NeRFs provide many benefits for 3D content: the rendering looks natural while the implementation is flexible. So I wanted to get hands on, and build myself a NeRF. I wanted to understand what’s possible to reproduce in 3D from just a spontaneous video capture. I chose a handheld holiday video from an old iPhone X while cycling on beautiful Maria Island.
The camera moves along a fairly straight path, pointing a little right of the direction of travel. This contrasts with NeRFs or scans of objects, where the camera may do one or more full orbits of the object to get every perspective and thus produce seamless renders and clean models. I expect 3D generated from the video above will be missing some detail.
My aim was to build a NeRF from the video, render alternative camera paths, explore the generated geometry, and understand the application and limitation of the results. Here’s the view from one alternative camera path, which follows the original path at first, and then swings out to the side.
|Process video data
|ns-process-data video via COLMAP
|Images of each frame (png) with inferred camera poses (json)
|NeRF configuration data including final model checkpoint (ckpt)
|Define camera paths
|Camera path definition based on keyframes (json)
|Novel video of the NeRF scene (mp4)
|Point cloud with surface colour and estimated normals (ply)
For reference, I consumed about 3 Colab Pro “compute units” with one end-to-end train and render (6s 480p 60fps video), but including running the install steps (for transient runtimes) and doing multiple renders on different paths has consumed about 6 “compute units” per NeRF.
Here’s a more detailed walkthrough. There are lots of opportunities to improve.
Process video data
This stage produces a set of images from the video, corresponding to each requested frame, and uses COLMAP to infer the pose of each image. The video was 480p and 6s at 60fps. This processed data is suitable for training a NeRF. The result is visualised below in the nerfstudio viewer.
I used the `
sequential option for video but haven’t evaluated any speedup. I’m not having much luck with specifying the number of frames via the command line parameter either. The resultant files could be zipped and stored outside the Colab instance (locally or on Drive) for direct input to the training stage.
The magic happens here. The nerfstudio viewer provides live exploration of the radiance field as it is progressively refined through training. The landscape was recognisable very early on in the training process and it was hard to discern improvements in the later stages (at least when using the viewer interactively).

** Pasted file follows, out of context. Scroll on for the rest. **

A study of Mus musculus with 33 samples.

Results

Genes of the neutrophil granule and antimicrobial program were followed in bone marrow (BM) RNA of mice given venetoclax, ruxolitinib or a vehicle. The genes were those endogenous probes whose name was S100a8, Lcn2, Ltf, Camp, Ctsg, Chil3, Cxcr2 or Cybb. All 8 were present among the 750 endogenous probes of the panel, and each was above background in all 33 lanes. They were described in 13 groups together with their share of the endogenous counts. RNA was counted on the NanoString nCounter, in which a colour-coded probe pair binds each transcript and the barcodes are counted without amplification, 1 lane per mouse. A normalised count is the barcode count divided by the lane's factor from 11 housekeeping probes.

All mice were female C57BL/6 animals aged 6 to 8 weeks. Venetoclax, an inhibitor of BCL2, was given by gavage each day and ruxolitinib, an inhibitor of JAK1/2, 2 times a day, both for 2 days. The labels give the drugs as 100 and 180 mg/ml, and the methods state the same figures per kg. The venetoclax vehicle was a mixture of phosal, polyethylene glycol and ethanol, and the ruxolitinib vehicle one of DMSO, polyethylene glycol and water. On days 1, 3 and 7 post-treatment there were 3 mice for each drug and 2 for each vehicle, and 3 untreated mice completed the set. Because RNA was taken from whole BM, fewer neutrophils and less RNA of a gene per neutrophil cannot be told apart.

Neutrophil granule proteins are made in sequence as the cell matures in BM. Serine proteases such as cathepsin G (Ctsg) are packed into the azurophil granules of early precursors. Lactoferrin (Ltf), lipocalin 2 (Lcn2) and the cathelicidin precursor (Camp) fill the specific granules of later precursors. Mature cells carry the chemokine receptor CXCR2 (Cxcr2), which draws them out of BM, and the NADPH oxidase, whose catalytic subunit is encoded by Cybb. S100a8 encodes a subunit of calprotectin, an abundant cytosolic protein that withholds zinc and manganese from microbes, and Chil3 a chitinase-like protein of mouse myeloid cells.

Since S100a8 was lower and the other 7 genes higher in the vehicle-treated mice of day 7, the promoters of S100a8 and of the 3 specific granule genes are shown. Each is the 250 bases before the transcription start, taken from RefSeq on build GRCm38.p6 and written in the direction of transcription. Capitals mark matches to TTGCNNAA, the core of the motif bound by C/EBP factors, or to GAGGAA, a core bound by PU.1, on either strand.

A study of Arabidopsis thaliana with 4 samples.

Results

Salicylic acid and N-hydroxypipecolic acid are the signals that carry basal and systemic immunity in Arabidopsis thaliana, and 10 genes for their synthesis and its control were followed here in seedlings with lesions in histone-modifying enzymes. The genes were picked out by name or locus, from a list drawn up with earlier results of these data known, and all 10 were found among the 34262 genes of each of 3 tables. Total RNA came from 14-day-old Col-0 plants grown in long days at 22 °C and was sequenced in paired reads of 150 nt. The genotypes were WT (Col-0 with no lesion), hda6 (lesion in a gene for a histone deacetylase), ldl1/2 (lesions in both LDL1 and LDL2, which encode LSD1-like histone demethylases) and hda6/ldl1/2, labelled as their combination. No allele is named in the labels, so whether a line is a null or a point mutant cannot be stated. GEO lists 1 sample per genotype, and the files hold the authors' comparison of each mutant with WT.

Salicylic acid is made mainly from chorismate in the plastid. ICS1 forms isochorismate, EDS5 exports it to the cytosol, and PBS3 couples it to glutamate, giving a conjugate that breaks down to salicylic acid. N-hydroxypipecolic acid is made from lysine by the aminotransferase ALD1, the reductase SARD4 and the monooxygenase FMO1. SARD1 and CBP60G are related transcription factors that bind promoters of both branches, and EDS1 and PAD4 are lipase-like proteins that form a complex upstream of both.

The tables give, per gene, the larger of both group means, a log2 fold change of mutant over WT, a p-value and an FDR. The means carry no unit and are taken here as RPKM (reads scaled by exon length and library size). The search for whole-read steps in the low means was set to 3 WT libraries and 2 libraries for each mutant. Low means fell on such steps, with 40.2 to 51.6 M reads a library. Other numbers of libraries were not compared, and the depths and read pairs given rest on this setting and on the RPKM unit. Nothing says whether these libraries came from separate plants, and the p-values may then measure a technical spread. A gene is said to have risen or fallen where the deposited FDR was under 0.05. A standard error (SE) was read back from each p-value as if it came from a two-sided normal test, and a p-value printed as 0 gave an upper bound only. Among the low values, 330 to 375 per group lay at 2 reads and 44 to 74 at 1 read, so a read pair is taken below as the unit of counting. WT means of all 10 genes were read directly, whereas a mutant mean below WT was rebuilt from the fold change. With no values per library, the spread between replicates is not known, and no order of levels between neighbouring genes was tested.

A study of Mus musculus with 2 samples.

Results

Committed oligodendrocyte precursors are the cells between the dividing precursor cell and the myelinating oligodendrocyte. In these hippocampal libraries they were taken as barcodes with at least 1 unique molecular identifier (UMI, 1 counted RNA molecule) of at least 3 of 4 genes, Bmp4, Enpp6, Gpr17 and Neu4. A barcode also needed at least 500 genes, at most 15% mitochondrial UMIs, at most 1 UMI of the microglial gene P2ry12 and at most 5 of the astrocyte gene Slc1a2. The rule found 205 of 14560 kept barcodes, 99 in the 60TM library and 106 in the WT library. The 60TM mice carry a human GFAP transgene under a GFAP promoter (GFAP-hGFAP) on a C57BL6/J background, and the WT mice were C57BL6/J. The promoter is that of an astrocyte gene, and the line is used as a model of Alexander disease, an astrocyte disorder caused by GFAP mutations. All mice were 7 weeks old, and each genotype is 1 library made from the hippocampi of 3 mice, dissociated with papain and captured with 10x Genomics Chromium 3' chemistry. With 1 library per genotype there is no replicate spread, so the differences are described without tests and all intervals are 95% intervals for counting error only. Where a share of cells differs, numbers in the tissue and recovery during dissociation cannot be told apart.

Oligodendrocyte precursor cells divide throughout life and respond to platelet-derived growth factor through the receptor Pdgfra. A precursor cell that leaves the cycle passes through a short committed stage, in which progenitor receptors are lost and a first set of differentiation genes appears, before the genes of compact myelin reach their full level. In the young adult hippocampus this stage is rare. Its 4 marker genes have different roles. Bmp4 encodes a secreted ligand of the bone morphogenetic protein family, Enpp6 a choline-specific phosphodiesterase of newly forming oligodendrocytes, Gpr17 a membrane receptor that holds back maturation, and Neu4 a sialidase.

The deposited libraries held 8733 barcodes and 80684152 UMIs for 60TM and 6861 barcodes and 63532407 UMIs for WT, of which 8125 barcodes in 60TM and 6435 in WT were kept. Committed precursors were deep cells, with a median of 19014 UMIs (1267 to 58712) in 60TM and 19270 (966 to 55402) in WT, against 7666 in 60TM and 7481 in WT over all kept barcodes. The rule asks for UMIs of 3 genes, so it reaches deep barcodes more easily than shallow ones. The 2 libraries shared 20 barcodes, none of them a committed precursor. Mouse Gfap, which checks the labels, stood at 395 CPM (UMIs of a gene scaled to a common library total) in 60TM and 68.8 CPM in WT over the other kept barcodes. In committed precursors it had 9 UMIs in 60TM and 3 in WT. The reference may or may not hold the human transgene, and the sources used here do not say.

The trained model can also be zipped and stored outside the Colab instance for direct input into later stages.
Define camera paths
I defined one camera path to initially follow the camera’s original trajectory and then deviate significantly to show alternative perspectives and test the limits of scene reconstruction. This path is shown below.
I also defined a second path that reversed the original camera trajectory. I downloaded these camera paths for reuse.
Rendering the deviating path (video above), the originally visible details are recreated quite convincingly. Noise is visible when originally hidden details are exposed, and also generally around the edges of the frame. I would like to try videos from cameras with a wider field of view to see how much more of the scene they capture.
The second, reversed, path (below) also faithfully reconstructs visible objects, but with some loss of fidelity due to the reversed camera position, and displays more of noise outside the known scene.
I ran ns-export pointcloud and chose to add estimated normals to the export. I downloaded the
ply file to work with it locally.
Meshlab provides a nice visualisation of the point cloud out of the box, including the colour of each point and shading by estimated normal, as below.
Meshlab provides a wide range of further processing tools, such as surface reconstruction. I also tried FreeCAD and Blender. Both imported and displayed the point cloud but I couldn’t easily tune the visualisation to look as good as above.
I’d like to try some more videos, and explore how to better avoid noise artefacts in renders.